The Original Meaning of the Yijing

Commentary on the Scripture of Change

Zhu Xi. Translated and edited by Joseph A. Adler

Columbia University Press

The Original Meaning of the Yijing

Pub Date: November 2019

ISBN: 9780231191241

400 Pages

Format: Hardcover

List Price: $65.00£54.00

Pub Date: November 2019

ISBN: 9780231549301

400 Pages

Format: E-book

List Price: $64.99£54.00

The Original Meaning of the Yijing

Commentary on the Scripture of Change

Zhu Xi. Translated and edited by Joseph A. Adler

Columbia University Press

The Yijing (I Ching), or Scripture of Change, is traditionally considered the first and most profound of the Chinese classics. Originally a divination manual based on trigrams and hexagrams, by the beginning of the first millennium it had acquired written explanations and a series of appendices attributed to Confucius, which transformed it into a work of wisdom literature as well as divination. Over the centuries, hundreds of commentaries were written on it, but for the past thousand years, one of the most influential has been that of Zhu Xi (1130–1200), who synthesized the major interpretive approaches to the text and integrated it into his system of moral self-cultivation.

Joseph A. Adler’s translation of the Yijing includes for the first time in any Western language Zhu Xi’s commentary in full. Adler explores Zhu Xi’s interpretation of the text and situates it in the context of his overall theoretical system. Zhu Xi held that the Yijing was originally composed for the purpose of divination by the mythic sage Fuxi, who intended to create a system to aid decision making. The text’s meaning, therefore, could not be captured by a single commentator; it would emerge for each person through the process of divination. This translation makes available to the English-language audience a crucial text in the history of Chinese religion and philosophy, with an introduction and translator’s notes that explain its intellectual and historical context.
This is an invaluable contribution to East Asian Confucian studies. Joseph A. Adler has rendered Zhu Xi’s commentary on the Scripture of Changes accessible and engaging. His impeccable scholarship and long devotion to Zhu Xi’s thought shines throughout. This is a masterpiece relevant to our times as we seek mutually enhancing human-Earth relations. Mary Evelyn Tucker, translator and editor of The Philosophy of Qi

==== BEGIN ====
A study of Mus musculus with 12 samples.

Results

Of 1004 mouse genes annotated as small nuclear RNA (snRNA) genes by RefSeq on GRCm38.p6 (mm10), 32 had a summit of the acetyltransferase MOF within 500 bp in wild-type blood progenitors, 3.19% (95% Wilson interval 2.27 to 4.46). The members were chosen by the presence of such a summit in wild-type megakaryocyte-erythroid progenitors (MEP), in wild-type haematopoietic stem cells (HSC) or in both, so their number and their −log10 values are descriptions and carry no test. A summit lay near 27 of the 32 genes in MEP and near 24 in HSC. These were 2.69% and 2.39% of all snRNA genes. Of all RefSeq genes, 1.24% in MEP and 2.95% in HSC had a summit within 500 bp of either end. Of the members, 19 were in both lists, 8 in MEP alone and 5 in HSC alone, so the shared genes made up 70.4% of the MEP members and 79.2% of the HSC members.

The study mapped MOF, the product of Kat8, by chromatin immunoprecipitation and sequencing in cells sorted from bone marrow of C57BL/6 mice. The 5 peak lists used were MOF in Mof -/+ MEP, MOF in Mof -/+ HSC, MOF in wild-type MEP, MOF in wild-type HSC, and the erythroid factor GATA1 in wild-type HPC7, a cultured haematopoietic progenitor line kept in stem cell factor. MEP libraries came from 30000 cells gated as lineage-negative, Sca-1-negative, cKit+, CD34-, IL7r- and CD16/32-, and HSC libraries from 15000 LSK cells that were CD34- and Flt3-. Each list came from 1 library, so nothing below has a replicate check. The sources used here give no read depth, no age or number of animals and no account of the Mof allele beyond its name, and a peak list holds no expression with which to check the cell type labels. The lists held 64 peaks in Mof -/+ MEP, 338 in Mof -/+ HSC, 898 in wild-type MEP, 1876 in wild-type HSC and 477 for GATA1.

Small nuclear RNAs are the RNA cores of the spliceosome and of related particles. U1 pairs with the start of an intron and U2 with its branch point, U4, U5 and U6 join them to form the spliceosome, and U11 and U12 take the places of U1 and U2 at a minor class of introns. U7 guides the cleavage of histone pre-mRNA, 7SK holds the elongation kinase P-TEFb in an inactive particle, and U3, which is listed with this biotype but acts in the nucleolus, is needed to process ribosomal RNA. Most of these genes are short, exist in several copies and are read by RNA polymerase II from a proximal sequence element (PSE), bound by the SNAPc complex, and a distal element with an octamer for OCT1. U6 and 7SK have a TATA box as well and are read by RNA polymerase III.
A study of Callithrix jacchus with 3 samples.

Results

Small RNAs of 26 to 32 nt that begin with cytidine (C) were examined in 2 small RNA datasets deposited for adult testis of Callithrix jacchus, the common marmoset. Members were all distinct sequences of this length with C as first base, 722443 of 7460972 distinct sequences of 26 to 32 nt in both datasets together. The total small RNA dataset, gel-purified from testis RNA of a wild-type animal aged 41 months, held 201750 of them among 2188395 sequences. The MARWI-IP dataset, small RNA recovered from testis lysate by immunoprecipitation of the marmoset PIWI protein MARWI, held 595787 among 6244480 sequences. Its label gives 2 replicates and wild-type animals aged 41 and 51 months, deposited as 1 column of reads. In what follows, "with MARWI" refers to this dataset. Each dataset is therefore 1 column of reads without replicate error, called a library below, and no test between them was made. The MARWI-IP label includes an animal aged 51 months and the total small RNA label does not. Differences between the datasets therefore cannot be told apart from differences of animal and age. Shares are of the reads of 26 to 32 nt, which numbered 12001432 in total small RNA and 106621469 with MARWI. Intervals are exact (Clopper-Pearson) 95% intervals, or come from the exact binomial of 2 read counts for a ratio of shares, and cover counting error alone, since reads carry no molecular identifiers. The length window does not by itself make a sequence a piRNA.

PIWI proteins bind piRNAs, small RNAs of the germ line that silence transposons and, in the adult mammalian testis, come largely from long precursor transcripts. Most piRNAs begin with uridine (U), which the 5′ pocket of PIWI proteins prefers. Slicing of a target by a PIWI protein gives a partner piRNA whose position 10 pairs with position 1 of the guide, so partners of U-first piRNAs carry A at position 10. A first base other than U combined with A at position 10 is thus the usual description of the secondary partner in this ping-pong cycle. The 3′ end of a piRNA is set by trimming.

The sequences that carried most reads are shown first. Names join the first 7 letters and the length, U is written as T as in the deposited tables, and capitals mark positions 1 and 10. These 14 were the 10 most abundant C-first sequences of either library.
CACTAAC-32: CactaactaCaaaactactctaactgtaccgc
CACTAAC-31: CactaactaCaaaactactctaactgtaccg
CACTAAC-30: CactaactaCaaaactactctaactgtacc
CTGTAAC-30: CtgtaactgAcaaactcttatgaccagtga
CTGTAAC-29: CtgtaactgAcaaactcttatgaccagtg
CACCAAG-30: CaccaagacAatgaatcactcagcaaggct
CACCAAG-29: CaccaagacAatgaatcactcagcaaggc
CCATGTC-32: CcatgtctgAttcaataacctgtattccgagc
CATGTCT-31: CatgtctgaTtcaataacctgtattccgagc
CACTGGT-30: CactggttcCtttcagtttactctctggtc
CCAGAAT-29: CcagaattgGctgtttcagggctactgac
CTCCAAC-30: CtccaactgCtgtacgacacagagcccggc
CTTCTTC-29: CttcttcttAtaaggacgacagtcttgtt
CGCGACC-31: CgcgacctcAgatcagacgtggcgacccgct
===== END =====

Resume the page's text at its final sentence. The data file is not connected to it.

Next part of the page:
Guided by Adler’s sure and experienced hand, English-speaking scholars of the Yijing will now have access to a well-crafted, fully annotated, and authoritative translation of Zhu Xi’s celebrated commentary on the Yijing. Among its many virtues, the translation unflinchingly addresses difficulties with the "fragmentary, cryptic, and exceedingly obscure” parts of the text that many Western translators have chosen to ignore or downplay. This magnificent achievement is indispensable for anyone seeking to understand the evolution of the Yijing. Richard J. Smith, author of Fathoming the Cosmos and Ordering the World: The Yijing (I Ching, or Classic of Changes) and Its Evolution in China
Joseph Adler’s new translation of the Yijing and Zhu Xi’s interlinear commentary deeply enriches our understanding of both texts. Here the two engage in a sort of dialogue across the centuries—with Zhu’s commentary illuminating and giving meaning to the Yijing even as the Yijing gives shape to Zhu’s influential philosophical vision. Daniel K. Gardner, author of Confucianism: A Very Short Introduction
Thanks to Professor Adler's careful and thoughtful rendition, The Original Meaning of the Yijing (Zhouyi benyi) of Zhu Xi is now available to readers who are interested in divination as a tool to come to terms with the complexity of everyday life. Tze-ki Hon, City University of Hong Kong
A welcome addition to the text and history of the Yijing. Peter K. Bol, Harvard University
Acknowledgments
Introduction: The “Original Meaning” of the Zhou Changes (Zhouyi benyi 周易本義)
Zhouyi benyi 周易本義
1. Part A: Hexagrams 1–30
2. Part B: Hexagrams 31–64
3. Treatise on the Appended Remarks (Xici zhuan 繫辭傳)
4. Treatise Discussing the Trigrams (Shuogua zhuan 說卦傳)
5. Commentary on Assorted Hexagrams (Zagua zhuan 雜卦傳)
Appendix: Divination Ritual (Shiyi 筮儀)
Notes
Bibliography
Index

About the Author

Zhu Xi (1130–1200), the most influential Chinese philosopher of the past two thousand years, was a crucial figure in the systematization of Neo-Confucian thought.

Joseph A. Adler is professor emeritus of Asian studies and religious studies at Kenyon College. He is the author of Reconstructing the Confucian Dao: Zhu Xi’s Appropriation of Zhou Dunyi (2014) and the translator of Zhu Xi’s Introduction to the Study of the Classic of Change (2002), among other works.